Fishing Scene Sluggish for Winter Anglers

Written by Steve McCadams | Originally published 02/07/2018

Kentucky Lake’s winter fishing scene this week delivered challenging conditions to anglers hoping to treat cabin fever with a few days out on the water full of warm sunshine and light breezes. It didn’t turn out that way, however.

Cold days with rain and winds out of the northeast didn’t exactly embrace winter fishing hopes of bass and crappie anglers. A few braved the elements at times but most opted to ride it out on shore and wait for better days ahead.

Temps this week struggled to get past the upper 30’s and low 40’s. Add a little rain and wind to that and it’s tough sledding out on the water where the wind chill usually robs another few degrees from the daily high.

Lake levels have been rising slightly this week in the aftermath of some rains. Elevation is projected to be 355.2 at Kentucky Dam this weekend and 354.7 in the New Johnsonville area.

Water color is relatively clear across most of the reservoir with some dingy water present in the upper Big Sandy and West Sandy basins.

Surface temperatures are similar to last week at this time, staying around the 40-degree mark. There haven’t been any warm sunny days lately to stimulate a warming trend.

Winter crappie have been biting, at least to some degree, for a few anglers willing to battle the inclimate weather. Depths of 18 to 22 feet have given up some fish for fishermen working the main lake drop-offs and targeting the deep sides of the ledges.

Most boats report landing several small fish with a few keepers mixed in now and then. Anglers are not catching limits of keeper size fish but finding enough to keep their enthusiasm level up enough to keep going when weather permits.

Some are tightlining jigs in the deep water with bottom bouncing rigs while others are using live minnows or even tipping jigs with minnows at times. Other are choosing to tip jigs with Berkley Power Bait in the white and chartreuse color to enhance the bite.

Popular color choices have ranged from blue/chartreuse to pink/chartreuse or red/chartreuse. Most are using painted leadheads too such as red, pink, chartreuse or white.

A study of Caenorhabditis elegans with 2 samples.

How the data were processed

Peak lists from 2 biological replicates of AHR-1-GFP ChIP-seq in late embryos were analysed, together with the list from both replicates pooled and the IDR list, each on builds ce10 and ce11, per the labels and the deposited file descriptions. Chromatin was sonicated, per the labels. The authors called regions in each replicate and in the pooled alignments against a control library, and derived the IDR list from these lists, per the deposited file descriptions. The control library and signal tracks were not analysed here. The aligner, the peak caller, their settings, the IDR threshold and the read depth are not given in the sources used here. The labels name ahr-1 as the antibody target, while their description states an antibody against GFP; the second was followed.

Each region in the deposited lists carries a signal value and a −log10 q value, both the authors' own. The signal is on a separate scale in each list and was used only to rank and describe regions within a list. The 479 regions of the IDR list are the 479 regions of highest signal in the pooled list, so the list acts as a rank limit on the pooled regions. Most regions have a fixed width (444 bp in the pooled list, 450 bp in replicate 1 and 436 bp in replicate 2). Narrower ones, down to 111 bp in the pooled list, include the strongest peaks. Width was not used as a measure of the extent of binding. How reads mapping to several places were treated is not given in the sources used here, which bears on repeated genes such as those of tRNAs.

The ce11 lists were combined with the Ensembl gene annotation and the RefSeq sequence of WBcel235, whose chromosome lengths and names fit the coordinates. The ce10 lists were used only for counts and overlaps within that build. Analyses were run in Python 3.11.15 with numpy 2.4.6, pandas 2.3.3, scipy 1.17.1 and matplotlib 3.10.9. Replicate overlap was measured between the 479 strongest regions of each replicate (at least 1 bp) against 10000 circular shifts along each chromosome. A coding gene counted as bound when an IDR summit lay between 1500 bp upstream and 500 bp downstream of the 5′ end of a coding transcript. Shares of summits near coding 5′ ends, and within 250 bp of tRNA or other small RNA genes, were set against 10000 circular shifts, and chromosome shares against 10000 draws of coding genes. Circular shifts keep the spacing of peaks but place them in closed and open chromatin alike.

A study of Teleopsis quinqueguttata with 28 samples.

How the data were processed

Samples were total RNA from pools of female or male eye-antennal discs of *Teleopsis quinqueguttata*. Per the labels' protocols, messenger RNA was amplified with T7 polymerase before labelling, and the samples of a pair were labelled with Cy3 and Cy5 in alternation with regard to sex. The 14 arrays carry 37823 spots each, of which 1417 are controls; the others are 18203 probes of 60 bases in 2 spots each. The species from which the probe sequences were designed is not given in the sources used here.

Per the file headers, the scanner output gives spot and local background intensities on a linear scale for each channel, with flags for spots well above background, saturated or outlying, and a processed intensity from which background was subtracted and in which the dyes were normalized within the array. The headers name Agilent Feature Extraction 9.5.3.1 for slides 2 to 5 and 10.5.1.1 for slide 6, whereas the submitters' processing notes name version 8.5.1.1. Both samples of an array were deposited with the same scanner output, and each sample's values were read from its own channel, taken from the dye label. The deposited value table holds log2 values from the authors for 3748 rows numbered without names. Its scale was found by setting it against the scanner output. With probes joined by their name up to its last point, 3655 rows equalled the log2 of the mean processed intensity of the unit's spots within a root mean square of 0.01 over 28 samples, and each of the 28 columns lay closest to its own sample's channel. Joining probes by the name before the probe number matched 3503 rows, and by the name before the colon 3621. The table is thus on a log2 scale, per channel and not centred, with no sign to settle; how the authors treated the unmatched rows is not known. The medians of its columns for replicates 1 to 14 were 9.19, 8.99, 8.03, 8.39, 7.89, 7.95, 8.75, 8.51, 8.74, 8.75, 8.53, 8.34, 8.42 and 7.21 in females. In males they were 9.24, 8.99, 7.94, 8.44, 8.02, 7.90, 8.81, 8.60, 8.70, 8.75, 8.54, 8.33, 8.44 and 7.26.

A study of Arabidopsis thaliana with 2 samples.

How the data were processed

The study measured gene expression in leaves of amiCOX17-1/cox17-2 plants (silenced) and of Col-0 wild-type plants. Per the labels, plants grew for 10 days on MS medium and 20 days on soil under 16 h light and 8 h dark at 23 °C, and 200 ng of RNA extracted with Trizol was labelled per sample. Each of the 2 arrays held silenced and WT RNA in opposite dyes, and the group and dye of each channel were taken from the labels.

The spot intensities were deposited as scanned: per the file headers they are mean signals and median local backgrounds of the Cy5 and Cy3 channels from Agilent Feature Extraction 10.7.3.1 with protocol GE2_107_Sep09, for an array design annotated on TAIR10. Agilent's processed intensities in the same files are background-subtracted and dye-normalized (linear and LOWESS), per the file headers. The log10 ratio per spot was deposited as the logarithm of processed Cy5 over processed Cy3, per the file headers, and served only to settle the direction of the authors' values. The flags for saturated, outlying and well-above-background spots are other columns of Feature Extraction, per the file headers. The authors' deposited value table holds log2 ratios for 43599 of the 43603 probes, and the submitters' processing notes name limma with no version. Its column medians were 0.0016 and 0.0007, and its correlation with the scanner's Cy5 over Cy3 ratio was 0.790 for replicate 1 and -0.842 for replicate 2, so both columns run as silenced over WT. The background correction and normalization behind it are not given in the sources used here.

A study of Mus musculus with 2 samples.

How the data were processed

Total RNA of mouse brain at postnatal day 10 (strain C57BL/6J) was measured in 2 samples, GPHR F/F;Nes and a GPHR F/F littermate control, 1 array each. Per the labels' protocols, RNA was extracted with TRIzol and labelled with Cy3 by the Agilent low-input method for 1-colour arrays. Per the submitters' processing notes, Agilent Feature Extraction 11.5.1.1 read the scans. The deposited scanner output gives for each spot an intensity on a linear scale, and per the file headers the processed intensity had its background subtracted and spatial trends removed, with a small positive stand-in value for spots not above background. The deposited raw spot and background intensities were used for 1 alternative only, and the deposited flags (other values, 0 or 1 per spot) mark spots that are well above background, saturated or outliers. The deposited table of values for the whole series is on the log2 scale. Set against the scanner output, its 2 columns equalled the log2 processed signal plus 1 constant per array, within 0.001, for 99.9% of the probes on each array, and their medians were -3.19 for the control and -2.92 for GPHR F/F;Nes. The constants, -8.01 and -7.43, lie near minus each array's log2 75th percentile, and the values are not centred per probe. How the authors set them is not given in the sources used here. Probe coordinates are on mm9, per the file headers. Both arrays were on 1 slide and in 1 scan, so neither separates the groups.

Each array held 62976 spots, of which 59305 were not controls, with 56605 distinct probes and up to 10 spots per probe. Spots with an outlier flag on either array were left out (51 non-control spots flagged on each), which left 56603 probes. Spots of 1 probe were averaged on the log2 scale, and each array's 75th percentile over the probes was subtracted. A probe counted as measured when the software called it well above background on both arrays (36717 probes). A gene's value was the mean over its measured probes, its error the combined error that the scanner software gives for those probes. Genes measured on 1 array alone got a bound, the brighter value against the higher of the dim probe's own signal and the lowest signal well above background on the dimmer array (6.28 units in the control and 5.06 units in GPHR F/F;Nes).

Boats working the midrange depths where stakebeds and brushpiles are located haven’t fared as well as those targeting deep water venues. No doubt the fish will move up a bit once warmer surface temperatures arrive but until that happens the deeper bite is likely to be the most productive.

When surface temperatures remain in the upper 30’s or low 40’s it keeps most of the bait fish deep as they find their comfort zone there to avoid quick cold fronts that cause sudden temperature inversions in shallow water. They often go into shock when that happens, causing massive die-offs in the aftermath of quick descending cold fronts.

Meanwhile, winter crappie anglers continue to voice concern over lack of shad being seen and the physiology of a lot of the fish being caught that are sporting very thin profiles. More than a few fishermen feel the forage base isn’t what it needs to be given the number of thin fish showing up!

Bass anglers have voiced concern too over several fish taken last year and this winter that were lacking that bulky profile. Often the bass will put on a bulging belly during times of abundant forage.

Bass anglers haven’t had much weather in their favor either these last few weeks. Some boats have been out and working crankbaits around gravel banks and tossing jig and pig style lures and slowly retrieving Rattle Traps around boat docks.

Another pattern for cold weather bass anglers is paralleling rock bluffs using suspending jerk baits. When fished slowly the suspending jerk bait can be effective on sluggish fish as anglers rely on their sidescan units to help find scattered or suspended fish out away from shallow shorelines.

With a cold and dreary week of weather now behind, Kentucky Lake anglers are unanimous in their hopes for warmer days and light winds. Once that happens a lot of fishermen will rebound and hit the water. Hang in there!

Photo by Teresa Gemeinhardt

The Cedar Waxwing is a beautiful bird that is common to The Land Between The Lakes region. You're likely to find them near fruiting trees and shrubs.